Ron Johnson’s defenders are, for the most part, people who do not know the man.

His most powerful critics, on the other hand, are the people who know him best.

The millionaire candidate who is trying to buy a Wisconsin Senate seat without actually coming into contact with Wisconsinites keeps getting bad reviews from folks in Oshkosh.

His hometown newspaper summed things up in a profile of the candidate that ran Oct. 3.

“Little is known about the millionaire Oshkosh business owner outside of details released by a carefully scripted campaign and a small number of public comments and interviews granted by Johnson, whose campaign did not respond to multiple requests for interviews for this story,” observed the Oshkosh Northwestern.

The Northwestern is a fine paper that covers Oshkosh seriously and well.

So how can they say that “little is known” about Johnson, a man who has spent his adult life in the community? In truth, Johnson has taken it easy for most of that adult life.

A Minnesota native, he married into a wealthy family, which set him up in business and then provided him with the contracts that would keep his company afloat. People in Oshkosh know he didn’t build a business. He didn’t even pay attention; Johnson says he knew nothing of the federal government money that flowed into his company’s coffers -- despite the fact that his title at the time when the money was being spent was “accountant.”

The head of the Oshkosh Community Foundation describes Johnson as “privileged.”

And he is running for the Senate as a man of privilege.

No Wisconsin candidate in modern times has been so inaccessible to the press or to the voters of Wisconsin.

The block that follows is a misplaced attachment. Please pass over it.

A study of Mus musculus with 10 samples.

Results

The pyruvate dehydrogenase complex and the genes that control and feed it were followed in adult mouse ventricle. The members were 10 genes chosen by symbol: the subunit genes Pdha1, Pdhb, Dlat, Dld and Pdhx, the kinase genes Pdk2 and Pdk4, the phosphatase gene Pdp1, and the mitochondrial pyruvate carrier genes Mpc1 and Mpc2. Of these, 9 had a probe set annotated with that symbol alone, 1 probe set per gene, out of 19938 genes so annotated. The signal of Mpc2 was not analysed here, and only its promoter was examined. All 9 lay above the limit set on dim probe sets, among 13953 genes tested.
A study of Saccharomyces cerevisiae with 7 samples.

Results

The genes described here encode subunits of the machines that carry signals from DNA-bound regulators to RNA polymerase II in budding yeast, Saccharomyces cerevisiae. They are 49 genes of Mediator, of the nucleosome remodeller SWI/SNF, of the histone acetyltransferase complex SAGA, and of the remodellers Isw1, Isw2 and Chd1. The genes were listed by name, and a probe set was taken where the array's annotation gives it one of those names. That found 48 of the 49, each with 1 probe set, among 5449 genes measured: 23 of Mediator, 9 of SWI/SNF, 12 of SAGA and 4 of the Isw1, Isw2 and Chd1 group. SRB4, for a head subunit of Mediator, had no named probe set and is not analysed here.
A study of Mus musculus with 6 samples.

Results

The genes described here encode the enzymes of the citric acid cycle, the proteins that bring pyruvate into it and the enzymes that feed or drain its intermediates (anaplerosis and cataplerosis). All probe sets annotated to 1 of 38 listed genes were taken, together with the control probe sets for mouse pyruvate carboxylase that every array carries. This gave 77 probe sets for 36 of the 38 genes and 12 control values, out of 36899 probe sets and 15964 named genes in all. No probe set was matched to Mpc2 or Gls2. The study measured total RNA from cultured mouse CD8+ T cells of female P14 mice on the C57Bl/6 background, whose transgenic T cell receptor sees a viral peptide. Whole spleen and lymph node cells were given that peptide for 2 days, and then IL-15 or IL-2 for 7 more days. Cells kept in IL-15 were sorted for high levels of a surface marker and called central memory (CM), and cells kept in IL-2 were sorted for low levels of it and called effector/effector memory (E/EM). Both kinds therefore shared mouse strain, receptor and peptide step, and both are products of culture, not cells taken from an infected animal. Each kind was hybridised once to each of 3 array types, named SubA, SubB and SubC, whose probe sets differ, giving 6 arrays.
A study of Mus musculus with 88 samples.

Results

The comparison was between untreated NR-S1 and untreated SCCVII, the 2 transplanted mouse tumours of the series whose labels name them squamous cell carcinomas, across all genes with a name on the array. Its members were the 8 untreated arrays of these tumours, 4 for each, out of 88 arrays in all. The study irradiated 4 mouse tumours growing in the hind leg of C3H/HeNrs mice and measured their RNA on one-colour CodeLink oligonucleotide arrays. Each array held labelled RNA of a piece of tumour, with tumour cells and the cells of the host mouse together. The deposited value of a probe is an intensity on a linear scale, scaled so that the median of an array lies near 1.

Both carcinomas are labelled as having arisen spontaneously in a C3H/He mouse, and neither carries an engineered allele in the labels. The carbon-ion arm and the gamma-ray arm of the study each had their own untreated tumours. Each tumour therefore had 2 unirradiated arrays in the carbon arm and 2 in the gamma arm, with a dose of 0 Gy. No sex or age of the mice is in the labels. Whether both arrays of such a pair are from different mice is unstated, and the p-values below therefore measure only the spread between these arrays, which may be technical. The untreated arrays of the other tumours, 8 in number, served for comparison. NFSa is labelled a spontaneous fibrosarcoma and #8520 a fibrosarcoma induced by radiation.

Who says? Johnson’s hometown paper.

In a column published Sunday, the Northwestern’s managing editor, Jim Fitzhenry, wrote: “Despite the millions spent on these precision strikes delivered over the airwaves, I’m struck by how little we know about Johnson and where he stands on dozens of issues he may be voting on over the next six years.”

Comparing Democrat Russ Feingold and Republican Ron Johnson, the managing editor wrote: “What’s the difference? I will be able to look Russ Feingold in the eye and hear his answer to those questions Monday afternoon when he visits the Northwestern’s editorial board. Can’t say the same for Johnson. His campaign turned down a request for a meeting with the board along with an invitation to debate Feingold at the (Oshkosh) Grand Opera House.”

Fitzhenry went on to note with regard to Johnson’s refusal to interact with Wisconsinites: “It’s not a phenomenon unique to this newspaper. Johnson’s campaign has been careful to keep him under tight wraps, limiting his availability, not releasing his schedule until the last moment, leaving news organizations scrambling to cover events. Most recently, he rejected an interview with Wisconsin Public Television’s ‘Here and Now,’ which offers thoughtful, if a bit dry, reporting on issues. Fewer interviews, fewer chances for a sunspot or creative destruction gaffe that could endanger the slight lead in the polls.”

Fitzhenry has a point. When Johnson does talk -- about how sunspots cause climate change or about how the “creative destruction” of Wisconsin’s manufacturing economy is a good thing -- he gets in trouble, just as when he tries to claim that he has worked well with folks in Oshkosh.

When he does speak to Wisconsin audiences, Johnson often claims in speeches and debates that he had a great working relationship with Oshkosh Education Association President Len Herricks.

Herricks said the other day that Johnson’s statements describing their work together are “untrue and unappreciated.”

Northwestern managing editor Fitzhenry says the problem is that “voters are not being allowed to see beyond the plastic packaging of Ron Johnson.”

That’s true enough.

But the bigger problem is that those who see beyond the plastic packaging are confronted with a candidate who preaches nonsense about sunspots and creative destruction and says things the people who know him describe as “untrue and unappreciated.”

John Nichols is the associate editor of The Capital Times.